US police shooting: Philando Castile's partner tells BBC she wants change

media captionDiamond Reynolds talks about her partner Philando Castile, who was shot dead by police in Minnesota

The woman who live-streamed US police killing her black partner Philando Castile in the state of Minnesota last week says she wants changes in the law.

Diamond Reynolds says the powers of those whose job it is to protect the people need to be curtailed.

On Tuesday, President Barack Obama is visiting Dallas, where five police officers were killed by a black man.

It followed protests against the police killing of Mr Castile and Alton Sterling in Baton Rouge a day earlier.

In an interview with the BBC, Diamond Reynolds, who is also known as Lavish, recounted the moment her partner was killed, and why she chose to film it.

"I was thinking about our rights, right there at that very second. I was thinking about whether or not people were gonna believe what happened. Because I was still at disbelief myself," she told BBC 5 Live.

media caption"You shot four bullets into him, sir" - Philando Castile's girlfriend, Lavish Reynolds, live-streamed the aftermath of the shooting

"Right then and there I knew I wanted to make a change," she said.

She says changes are needed to laws applying to police.

"If we can't turn to our higher power, you know officers and things of that sort, then who are we to turn to if people that are supposed to be protecting us, are the ones that are assassinating us?"

image copyrightFacebook
image captionPhilando Castile was a school cafeteria supervisor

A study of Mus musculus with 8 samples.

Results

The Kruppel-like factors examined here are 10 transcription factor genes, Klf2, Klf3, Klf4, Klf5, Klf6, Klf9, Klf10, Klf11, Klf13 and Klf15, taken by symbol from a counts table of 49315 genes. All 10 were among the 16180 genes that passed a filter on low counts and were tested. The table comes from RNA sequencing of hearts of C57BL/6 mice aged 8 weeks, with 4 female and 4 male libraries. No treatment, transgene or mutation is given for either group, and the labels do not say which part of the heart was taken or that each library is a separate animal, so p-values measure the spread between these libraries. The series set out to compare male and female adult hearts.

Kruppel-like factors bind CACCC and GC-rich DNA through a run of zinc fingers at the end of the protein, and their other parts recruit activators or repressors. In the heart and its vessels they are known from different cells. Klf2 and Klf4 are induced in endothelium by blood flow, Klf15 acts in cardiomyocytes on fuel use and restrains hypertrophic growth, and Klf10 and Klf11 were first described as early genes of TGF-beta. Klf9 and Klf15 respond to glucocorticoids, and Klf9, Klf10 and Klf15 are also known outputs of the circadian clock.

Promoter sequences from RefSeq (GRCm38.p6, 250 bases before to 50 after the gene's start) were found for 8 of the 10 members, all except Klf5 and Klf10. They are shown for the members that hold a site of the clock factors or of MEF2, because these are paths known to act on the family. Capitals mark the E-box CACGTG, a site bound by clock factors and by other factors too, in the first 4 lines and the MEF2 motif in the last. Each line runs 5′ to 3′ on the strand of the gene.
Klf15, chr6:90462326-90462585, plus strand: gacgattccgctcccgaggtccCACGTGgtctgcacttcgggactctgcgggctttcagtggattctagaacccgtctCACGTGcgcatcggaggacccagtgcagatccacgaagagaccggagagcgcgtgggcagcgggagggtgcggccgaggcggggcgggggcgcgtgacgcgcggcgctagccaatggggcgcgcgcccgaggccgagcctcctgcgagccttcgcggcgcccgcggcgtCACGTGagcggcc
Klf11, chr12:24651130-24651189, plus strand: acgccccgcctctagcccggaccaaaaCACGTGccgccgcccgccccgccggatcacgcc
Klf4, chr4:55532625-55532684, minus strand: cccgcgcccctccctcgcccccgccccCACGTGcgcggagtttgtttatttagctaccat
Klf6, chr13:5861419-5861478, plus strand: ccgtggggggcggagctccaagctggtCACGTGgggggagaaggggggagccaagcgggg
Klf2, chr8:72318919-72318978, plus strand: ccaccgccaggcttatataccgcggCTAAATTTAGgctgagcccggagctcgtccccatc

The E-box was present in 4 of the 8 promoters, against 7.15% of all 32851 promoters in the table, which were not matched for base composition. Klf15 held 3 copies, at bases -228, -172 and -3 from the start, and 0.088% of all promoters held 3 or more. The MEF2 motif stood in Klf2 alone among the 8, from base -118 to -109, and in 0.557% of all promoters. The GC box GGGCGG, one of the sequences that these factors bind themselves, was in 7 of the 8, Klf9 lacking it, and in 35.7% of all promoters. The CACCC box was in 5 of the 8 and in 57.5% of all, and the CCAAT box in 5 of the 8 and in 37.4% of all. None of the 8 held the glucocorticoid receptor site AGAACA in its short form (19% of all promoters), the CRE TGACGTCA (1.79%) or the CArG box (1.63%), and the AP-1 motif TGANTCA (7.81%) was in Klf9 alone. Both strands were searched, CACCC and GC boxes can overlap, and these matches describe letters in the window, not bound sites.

Mr Castile had been stopped in Falcon Heights, a suburb of St Paul, because the car had a broken rear light, Ms Reynolds said.

Before he was shot, he had told the officer that he was licensed to carry a concealed gun and had one in his possession.

Police have started an investigation and the officer involved has been put on leave.

'Deepest condolences'

Philando Castile's and Alton Sterling's deaths follow a long line of high-profile incidents involving African-Americans dying at the hands of the police, and have led to demonstrations across US cities.

Last Thursday, during a protest organised by Black Lives Matter in Dallas, Micah Johnson, 25, launched a revenge attack, killing five police officers and wounding seven more, before being killed by a bomb detonated by a police robot.

image captionFlowers in memory of the murdered Dallas officers have been piling up

Diamond Reynolds said resorting to retribution is not a solution.

"I absolutely have the deepest condolences for those families that have lost their loved ones in Dallas and all the officers that were defending us that lost their lives trying to defend us," she said.

President Obama is due to speak at an interfaith memorial service in Dallas later on Tuesday.

Police killings that scar the US

Walter Scott - unarmed and shot in the back as he ran away from an officer in North Charleston, South Carolina, in April 2015. Former officer Michael Slager facing murder charge

Laquan McDonald - 17-year-old was holding a knife but appeared to be moving away from police in Chicago when shot 16 times in 2014. Officer Jason Van Dyke denies murder charge

Michael Brown - 18-year-old shot at least seven times in Ferguson, Missouri, in August 2014, sparking nationwide protests. Officer Darren Wilson cleared of wrongdoing

Eric Garner - died after being placed in a chokehold by New York police while selling cigarettes in July 2014. Grand jury decides against charges, police disciplinary action taken against supervising officer Sgt Kizzy Adonis

Ms Reynolds says she watches the news every day and prays for people who lose their lives and who don't get justice. But she never thought it could be her.

"And now I'm left to sit here and think 'Why me? Why us? Why his family? Why did this police officer do this? Why can't these laws change? Why can't we get justice? Why why why why why?"